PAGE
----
Asking for help or support can be difficult no matter the situation, but it can be especially hard when it comes to talking about mental health. Because of common misconceptions surrounding mental illness and addiction, many people find it uncomfortable to openly talk about mental health, creating a harmful stigma. This mental health stigma is predominantly seen among youth because young people are often portrayed as worry-free, light-hearted and not easily burdened with the tasks of daily living. However, we know that 50% of all chronic mental illness begins by age 14 and 75% begins by age 24.

We may never know exactly how to end the stigma around mental healthin our society, but we can work to form a sense of awareness around the issue and keep our loved ones informed. As people become increasingly more comfortable talking about mental health issues, we can normalize mental health. 

4 Conversation Topics That Can Help End Youth Mental Health Stigma

Here are some simple exercises andmental health conversation starters to help you start to draw awareness in your daily life: 

1. What is stigma?

Sometimes it’s hard to talk aboutour struggles with mental healthbecause we don’t know how to explain it or sometimes it doesn’t feel safe to do so. Stigma is anything that stereotypes, places a pre-judgment, or puts labels on a person, situation, or idea. Change to Chill focuses on reducing stigma around stress, anxiety, depression and other related conditions that are common with teens. 

Mental health conversation starters: 
  • What does stigma mean to you? What does it look like? What does it feel like?
  • How have you experienced stigma before?
  • How have you ever applied stigma to a person, situation or idea (It’s okay, we all have!)?

2. 1 in 5 people will have a mental illness in their lifetime.

According to NAMI,1 in 5 people have or will receive a mental illness diagnosis in their lifetime. That might sound pretty scary, but it doesn’t have to be. Part of addressing stigma is taking the scary factor out of mental health. Mental illness is just like other chronic health conditions – think of acne, diabetes, high blood pressure, or celiac disease. We don’t apply the same kind of stigma to people who have these types of health conditions as we do to those living with a mental illness, even though they are all common, manageable and treatable! 

Mental health conversation starters: 
  • How does it make you feel to learn 1 in 5 people have or will have a mental illness at some point in their life? What areways that you could talk about this with your friends or family?
  • How does learning that mental illness is a health condition, just like any other health condition, change the way you think about mental illness?

3. What are stressors in your life?

Sometimes people apply stigma to those living with a mental illness, thinking they just can’t “deal” with life and stress the way everyone else can. But no one has their life completely together. Everyone has their own unique stressors and life circumstances and their own unique ways of coping with them. Learning what stresses you out is beneficial to everyone and can help reduce stress and, ultimately, improve your mental health.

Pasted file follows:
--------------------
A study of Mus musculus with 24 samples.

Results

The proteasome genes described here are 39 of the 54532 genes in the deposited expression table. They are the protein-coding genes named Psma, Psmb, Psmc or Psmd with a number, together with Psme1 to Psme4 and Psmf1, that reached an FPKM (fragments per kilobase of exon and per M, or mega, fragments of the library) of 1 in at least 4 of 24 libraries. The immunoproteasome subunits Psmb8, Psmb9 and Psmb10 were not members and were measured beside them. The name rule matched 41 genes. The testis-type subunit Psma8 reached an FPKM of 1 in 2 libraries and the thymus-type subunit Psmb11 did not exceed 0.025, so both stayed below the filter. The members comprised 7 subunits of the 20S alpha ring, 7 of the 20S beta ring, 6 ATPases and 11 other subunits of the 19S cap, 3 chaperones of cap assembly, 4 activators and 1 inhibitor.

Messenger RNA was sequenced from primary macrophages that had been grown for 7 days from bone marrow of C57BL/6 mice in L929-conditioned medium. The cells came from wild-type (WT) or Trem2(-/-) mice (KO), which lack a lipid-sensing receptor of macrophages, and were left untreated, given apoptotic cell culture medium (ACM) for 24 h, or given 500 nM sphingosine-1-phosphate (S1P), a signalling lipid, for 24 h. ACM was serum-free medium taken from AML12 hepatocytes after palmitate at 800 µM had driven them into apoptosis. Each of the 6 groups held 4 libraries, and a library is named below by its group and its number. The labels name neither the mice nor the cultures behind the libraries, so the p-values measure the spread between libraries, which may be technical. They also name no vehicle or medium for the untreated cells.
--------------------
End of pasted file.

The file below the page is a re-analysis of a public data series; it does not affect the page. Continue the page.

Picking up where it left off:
Identifying stressors as a mindfulness practice: 
  • Identify some of the main stressors in your life – these could be anything! Ifyouare comfortable doing so, write themdownand share them with a friend or peer. Discuss the differences and similarities on your lists and brainstorm some healthy ways to cope.

4. Practice active listening..

Often, there is a misconception that people who are having a hard time want to be left alone to deal with their issues by themselves. While this may sometimes be true for people living with mental illness, it is often challenging for people who are struggling to reach out for support – it’s not always that they want to be left alone, it might just be that they don’t know how to ask for support or know what kind of support they need!

Practice being a supportive listener using these tips:
  • Find a safe and comfortable place
  • Ask questions that allow the person to talk about how they are doing openly
  • Be an active listener – listen but don’t interrupt
  • Respond with understanding and empathy

If you want a printed resource with these same topics, download and print off our conversation starters about stigma

Together we can learn how to end stigma around mental health

By engaging in simple mindfulness practices and talking to your friends and family about mental health issues, we can get one step closer to normalizing mental health issues and ending the stigma. 

Change to Chill wants to help end themental health stigma among youth in our community. We offer free online mental health resources for anyone who may be struggling with mental health issues and doesn’t know how to reach out for help. 

To learn more about the importance and impact of the language we use, download our Language Matters handout.